Alabama Crimson Tide

Jalen Hurts’ athleticism is vital for Alabama versus Tennessee

17 September 2016: Alabama Crimson Tide quarterback Jalen Hurts (2) runs the football during the Alabama Crimson Tide 48-43 win over the Ole Miss Rebels at Vaught-Hemingway Stadium in Oxford, Mississippi. Hurts would have 18 carries for 146 yards in the Crimson Tide win. (Photo by Andy Altenburger/Icon Sportswire)
(Photo by Andy Altenburger/Icon Sportswire)

No. 1 Alabama (6-0, 3-0 SEC) is still undefeated heading into this weekend’s contest with No. 9 Tennessee (5-1, 2-1 SEC), and true freshman quarterback Jalen Hurts is a huge reason why.

He’s been a revelation for Alabama’s offense, getting things done for the Tide both with his arm and his feet. He’s thrown for 1,242 yards and nine touchdowns compared to just two interceptions in six games, which is extremely impressive for a true freshman. Usually younger players transitioning to the college level go through some major ups and downs — see Georgia true freshman quarterback Jacob Eason — but Hurts has been as steady as can be for the Crimson Tide.

What has made Hurts so efficient and important to Alabama’s offense is his mobility. Not that Alabama’s quarterbacks as of late haven’t been able to move in the pocket, but more often than not, Nick Saban’s quarterbacks have been pro-style gunslingers, more comfortable stepping up and throwing in the pocket than moving around and scrambling when things break down.

Here’s a look at the rushing totals from Alabama’s recent quarterbacks. The numbers alone speak volumes.

Greg McElroy (2007-2010): 71 total rushing yards and two touchdowns

A.J. McCarron (2010-2013): negative 64 total rushing yards and three touchdowns

Blake Sims (2011-2014): 705 total rushing yards and nine touchdowns

Jake Coker (2014-2015): 81 total yards and two touchdowns

Sims is the obviously outlier among the above group, but even his highest single-season rushing total was just 350 yards (with seven touchdowns) in 2014. Hurts, on the other hand, has already rushed for 296 yards and five touchdowns at the halfway point of the season. There’s a great chance he’ll surpass Sims’ single-season rushing high before November, and he very well could do it this weekend against Tennessee.

So no, Hurts isn’t the prototypical Alabama quarterback, but so far that’s been a great thing for the Crimson Tide. He’s not just a game-manager, he’s a game changer; that makes Alabama’s offense that much more potent.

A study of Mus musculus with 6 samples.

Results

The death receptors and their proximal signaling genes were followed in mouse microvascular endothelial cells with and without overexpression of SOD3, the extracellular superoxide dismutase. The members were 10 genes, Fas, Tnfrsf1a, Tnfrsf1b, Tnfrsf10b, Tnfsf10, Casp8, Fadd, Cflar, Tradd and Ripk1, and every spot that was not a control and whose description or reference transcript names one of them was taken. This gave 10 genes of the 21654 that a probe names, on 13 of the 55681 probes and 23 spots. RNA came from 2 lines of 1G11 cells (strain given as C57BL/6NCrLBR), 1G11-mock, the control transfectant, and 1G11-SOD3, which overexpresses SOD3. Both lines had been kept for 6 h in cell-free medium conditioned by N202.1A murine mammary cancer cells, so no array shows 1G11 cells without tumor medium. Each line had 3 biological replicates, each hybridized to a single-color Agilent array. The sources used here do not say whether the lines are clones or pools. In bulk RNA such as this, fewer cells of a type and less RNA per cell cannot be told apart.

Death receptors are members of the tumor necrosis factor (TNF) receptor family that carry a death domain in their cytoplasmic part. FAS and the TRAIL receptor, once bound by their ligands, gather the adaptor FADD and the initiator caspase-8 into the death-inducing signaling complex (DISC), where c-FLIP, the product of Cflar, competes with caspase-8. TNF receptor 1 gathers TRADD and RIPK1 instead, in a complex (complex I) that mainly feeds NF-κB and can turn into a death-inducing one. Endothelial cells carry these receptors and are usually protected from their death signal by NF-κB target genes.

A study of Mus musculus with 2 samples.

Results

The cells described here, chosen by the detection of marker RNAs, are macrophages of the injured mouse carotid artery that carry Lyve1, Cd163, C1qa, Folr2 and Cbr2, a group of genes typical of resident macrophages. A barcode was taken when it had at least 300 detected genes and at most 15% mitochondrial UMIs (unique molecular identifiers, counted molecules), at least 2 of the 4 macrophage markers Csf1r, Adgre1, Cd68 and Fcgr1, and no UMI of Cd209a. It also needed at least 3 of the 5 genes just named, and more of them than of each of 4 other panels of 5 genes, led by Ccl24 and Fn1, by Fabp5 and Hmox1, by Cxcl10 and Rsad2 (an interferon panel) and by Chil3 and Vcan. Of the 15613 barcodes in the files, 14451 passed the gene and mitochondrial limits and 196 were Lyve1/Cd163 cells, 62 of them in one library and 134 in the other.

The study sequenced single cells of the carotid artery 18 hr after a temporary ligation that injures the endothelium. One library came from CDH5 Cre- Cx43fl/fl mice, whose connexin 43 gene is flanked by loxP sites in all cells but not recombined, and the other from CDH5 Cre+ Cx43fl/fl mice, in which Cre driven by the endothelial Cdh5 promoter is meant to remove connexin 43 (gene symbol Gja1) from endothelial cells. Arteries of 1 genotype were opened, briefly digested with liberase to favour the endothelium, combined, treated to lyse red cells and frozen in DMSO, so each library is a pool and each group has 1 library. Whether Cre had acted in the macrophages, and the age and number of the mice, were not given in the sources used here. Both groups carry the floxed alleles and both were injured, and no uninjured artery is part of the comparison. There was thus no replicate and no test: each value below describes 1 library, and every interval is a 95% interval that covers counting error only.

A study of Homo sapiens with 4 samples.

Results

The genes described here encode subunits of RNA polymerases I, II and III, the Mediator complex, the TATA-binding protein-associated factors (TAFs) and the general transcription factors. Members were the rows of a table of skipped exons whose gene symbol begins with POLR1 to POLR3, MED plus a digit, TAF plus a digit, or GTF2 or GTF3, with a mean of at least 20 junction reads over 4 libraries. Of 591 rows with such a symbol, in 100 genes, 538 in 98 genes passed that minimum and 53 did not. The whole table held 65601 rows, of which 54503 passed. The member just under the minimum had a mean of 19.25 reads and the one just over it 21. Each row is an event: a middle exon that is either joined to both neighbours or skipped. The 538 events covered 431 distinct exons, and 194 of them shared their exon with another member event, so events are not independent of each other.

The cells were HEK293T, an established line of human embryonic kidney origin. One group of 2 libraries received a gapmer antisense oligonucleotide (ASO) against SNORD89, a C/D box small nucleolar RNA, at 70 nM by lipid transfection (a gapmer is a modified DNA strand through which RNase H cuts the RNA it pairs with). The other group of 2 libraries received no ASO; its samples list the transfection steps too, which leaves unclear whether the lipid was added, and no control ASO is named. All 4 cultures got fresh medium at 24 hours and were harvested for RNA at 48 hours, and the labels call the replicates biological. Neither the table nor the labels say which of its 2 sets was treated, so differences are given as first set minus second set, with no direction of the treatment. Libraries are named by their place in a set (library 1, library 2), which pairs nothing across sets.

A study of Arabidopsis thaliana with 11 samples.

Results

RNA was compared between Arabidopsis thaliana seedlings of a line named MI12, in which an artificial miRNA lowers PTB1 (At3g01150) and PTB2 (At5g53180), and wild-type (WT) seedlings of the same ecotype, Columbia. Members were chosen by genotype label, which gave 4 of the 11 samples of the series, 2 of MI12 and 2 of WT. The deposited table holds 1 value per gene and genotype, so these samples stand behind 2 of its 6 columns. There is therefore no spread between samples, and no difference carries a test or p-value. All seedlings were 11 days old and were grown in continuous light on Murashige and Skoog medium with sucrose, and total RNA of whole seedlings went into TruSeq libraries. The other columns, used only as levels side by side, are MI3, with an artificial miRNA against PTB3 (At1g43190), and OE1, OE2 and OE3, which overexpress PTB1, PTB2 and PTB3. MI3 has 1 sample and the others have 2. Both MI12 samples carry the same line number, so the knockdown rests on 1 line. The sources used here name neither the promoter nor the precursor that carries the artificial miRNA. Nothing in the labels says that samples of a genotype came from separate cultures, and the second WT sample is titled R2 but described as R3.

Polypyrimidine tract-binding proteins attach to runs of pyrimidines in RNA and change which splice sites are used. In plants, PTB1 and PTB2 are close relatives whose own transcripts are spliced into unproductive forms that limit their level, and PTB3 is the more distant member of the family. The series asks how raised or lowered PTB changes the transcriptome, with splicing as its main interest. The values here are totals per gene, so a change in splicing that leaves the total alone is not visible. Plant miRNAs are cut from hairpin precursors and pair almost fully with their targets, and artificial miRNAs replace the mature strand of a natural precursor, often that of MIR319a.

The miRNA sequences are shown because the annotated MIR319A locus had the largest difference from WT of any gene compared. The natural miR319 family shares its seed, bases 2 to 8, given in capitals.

Not only do opposing defenses have to deal with Damien Harris, Joshua Jacobs and Bo Scarbrough in the backfield, but they also have to account for Hurts as a runner. As soon as they start focusing on the run, Lane Kiffin and Saban can pull the switch and dial up the play-action pass, with Calvin Ridley, ArDarius Stewart, O.J. Howard and Gehrig Dieter at Hurts’ disposal.

Is it any surprise that Alabama’s offense is ranked No. 1 in the SEC in scoring, at 44.8 points per game?

03 SEP 2016: Alabama QB Jalen Hurts scores a touchdown during the game between the USC Trojans and the Alabama Crimson Tide at AT&T Stadium in Arlington, TX. Alabama beats USC 52-6. (Photo by Steve Nurenberg/Icon Sportswire)

(Photo by Steve Nurenberg/Icon Sportswire)

“Well, he’s done a nice job and he’s improved every week. I think his disposition as a player certainly enhances that, to some degree,” Saban said of Hurts.

“He doesn’t seem to get too rattled by things and even when he makes an error or a mistake, he goes to the next play. I think that is what has been really, really helpful for him to play with poise. I think it’s going to be really important, especially playing on the road again, that he can maintain that level of poise that will certainly be necessary this week against Tennessee.”

Poise is one major aspect of Hurts’ game that must show up against the Vols, but he’ll also have to make plays with his legs.

Tennessee has one of the best pass-rushers in the game, defensive end Derek Barnett. The Big Orange superstar will make it his goal to teach Hurts a few rookie lessons on the road in Knoxville. Barnett is 6-foot-3 and 265 pounds. He plays with a blend of explosiveness and speed that makes him hard to block for offensive linemen. Even Alabama’s offensive line will have its hands full with him.

One way Alabama can counter Barnett is to shade or chip running backs in protection to his side, but Hurts can help himself by feeling the pressure and using his feet to escape it. The best way to frustrate an elite pass-rusher as a quarterback is to be where he doesn’t expect you to be. That’s a huge advantage that Hurts has coming into this matchup.

Alabama would be wise to utilize Hurts’ full skill set to keep Tennessee’s defensive front off balance.

Whether through planned runs, bootlegs or simply scrambling when the pocket collapses, Hurts’ mobility and explosiveness at quarterback could be the most relevant X-factor in this huge matchup between ancient SEC rivals.